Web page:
Parable of the Two Sons
“Thy Mind, O Man, Must Stretch,” John W. Welch, BYU Studies, Vol. 50, no. 3
After Jesus’ triumphal entry into Jerusalem, the chief priests approached Him in the temple and demanded: “By what authority doest thou these things? and who gave thee this authority?” (Matthew 21:23). Jesus answered by telling a story about a certain man who had two sons. With the question of authority in mind, as I read this parable in the Greek, something jumped off the page at me. Think about it: When did a certain father have two sons, One who went and the other who did not? When did the First (the Firstborn) say, “Ou thelo,” which in Greek means “I will it not,” or “I’d rather not,” or “it is not my will.”
The Triumphal Entry
“Palm Sunday,” Eric D. Huntsman, BYU New Testament Commentary
The four Gospel accounts differ only slightly on the triumphal entry. The Synoptic Gospels, for instance, give greater detail as to how Jesus obtained the donkey on which he rode during his triumphal procession. Luke depicts it as a triumphal approach to Jerusalem, with Jesus stopping some distance from Jerusalem to mourn and lament the city from afar before he entered the holy city (19:41–44). While a donkey does not seem to modern readers to be a very regal mode of transportation, one must remember that it was commonly the conveyance of Old Testament kings, especially David. The waving of tree branches (only John mentioned that they were palm fronds) is often associated with Sukkot, the autumn festival of Tabernacles that commemorated the wandering of the children of Israel in the wilderness. Once in the Promised Land, however, it became above all a harvest festival, but it was also associated with the coronation of the Israelite king and in the intertestamental period developed messianic connections.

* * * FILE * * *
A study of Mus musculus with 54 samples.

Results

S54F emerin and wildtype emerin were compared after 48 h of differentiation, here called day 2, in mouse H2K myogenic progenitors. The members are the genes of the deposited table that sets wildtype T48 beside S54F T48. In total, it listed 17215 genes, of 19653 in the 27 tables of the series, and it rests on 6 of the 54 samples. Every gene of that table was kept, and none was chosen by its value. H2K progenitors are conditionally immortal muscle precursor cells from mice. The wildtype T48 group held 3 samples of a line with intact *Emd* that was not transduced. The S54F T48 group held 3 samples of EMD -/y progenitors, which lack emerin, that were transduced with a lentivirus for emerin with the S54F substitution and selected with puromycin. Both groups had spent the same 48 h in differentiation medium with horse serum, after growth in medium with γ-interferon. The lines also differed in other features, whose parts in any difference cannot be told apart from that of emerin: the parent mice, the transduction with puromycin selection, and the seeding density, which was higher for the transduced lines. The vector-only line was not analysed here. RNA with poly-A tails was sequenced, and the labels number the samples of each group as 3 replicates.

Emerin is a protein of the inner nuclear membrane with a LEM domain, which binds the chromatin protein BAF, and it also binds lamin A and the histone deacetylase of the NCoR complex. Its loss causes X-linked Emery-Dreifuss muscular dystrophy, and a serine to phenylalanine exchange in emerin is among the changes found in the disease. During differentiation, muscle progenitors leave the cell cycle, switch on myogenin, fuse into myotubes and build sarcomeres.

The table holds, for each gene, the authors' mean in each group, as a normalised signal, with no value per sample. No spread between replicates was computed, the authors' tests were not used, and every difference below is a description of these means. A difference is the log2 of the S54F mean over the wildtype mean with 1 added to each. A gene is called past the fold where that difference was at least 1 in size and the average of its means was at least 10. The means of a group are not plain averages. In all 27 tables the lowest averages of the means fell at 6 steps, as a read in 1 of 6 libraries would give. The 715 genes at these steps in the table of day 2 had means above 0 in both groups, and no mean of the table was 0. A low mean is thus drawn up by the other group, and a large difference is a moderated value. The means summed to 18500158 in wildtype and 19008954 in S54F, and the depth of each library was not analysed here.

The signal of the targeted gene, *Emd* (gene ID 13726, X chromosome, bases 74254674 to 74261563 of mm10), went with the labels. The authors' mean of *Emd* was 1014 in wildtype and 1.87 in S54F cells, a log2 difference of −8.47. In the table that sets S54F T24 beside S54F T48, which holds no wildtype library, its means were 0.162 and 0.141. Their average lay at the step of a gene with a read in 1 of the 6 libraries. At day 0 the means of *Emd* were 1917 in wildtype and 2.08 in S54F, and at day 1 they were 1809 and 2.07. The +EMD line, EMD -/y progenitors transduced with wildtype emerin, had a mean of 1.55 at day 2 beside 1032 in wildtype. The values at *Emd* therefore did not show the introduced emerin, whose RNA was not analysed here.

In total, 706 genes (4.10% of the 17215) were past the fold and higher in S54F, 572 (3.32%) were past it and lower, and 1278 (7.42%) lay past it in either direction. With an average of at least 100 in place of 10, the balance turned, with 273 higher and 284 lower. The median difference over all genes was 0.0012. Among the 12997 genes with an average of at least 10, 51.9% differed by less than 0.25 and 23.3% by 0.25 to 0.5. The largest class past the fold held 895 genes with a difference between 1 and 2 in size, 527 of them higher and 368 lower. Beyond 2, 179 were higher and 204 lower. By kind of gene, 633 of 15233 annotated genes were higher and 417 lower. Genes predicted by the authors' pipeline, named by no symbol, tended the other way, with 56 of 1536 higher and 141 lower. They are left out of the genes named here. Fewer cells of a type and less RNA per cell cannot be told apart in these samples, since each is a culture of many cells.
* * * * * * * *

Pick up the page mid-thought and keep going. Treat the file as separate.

Chart 3-1: “Three Main Jewish Sects,” Charting the New Testament
During Christ’s earthly ministry the Pharisees were religiously active and often quarreled with and tried to trap Christ in his teachings. This chart provides basic information about the Pharisees as well as the Sadducees and Essenes.
“The Pharisee and the Publican,” Howard W. Hunter, Ensign, May 1984
A Pharisee and a Publican go into the temple to pray. The Pharisee thanked God that he was not as the other man (the publican) and continued to focus his thoughts on his own self-righteousness. The Savior said, “Except your righteousness shall exceed the righteousness of the scribes and Pharisees, ye shall in no case enter into the kingdom of heaven.” A true saint possesses the gift of humility and seeks not to exalt himself.
“We Owe Allegiance to Sovereignty,” Howard W. Hunter, Improvement Era, June 1968
This article refers to events recorded in the Gospels, including when a Pharisee conceived a plan to ruse Christ about a question of allegiance. Christ rebukes them for their hypocrisy and then states that allegiance is appropriate to the state as well as to divine sovereignty.
Mary Annoints Jesus’ Feet
“The Anointing in Bethany according to John,” Eric D. Huntsman
In the days leading up to Jesus’ death and resurrection, there are possibly two different stories of a woman anointing Jesus in Bethany. John records that at some point after the raising of Lazarus and before the Triumphal Entry, Mary, the sister of Martha and Lazarus, anointed Jesus’ feet (John 12:1–3). Mark and Matthew, on the other hand, recount that a day or two before the Last Supper, an unidd woman entered a dinner in the house of one Simon the Leper in Bethany and anointed Jesus’ head (Mark 14:3–9; Matthew 26:6–13).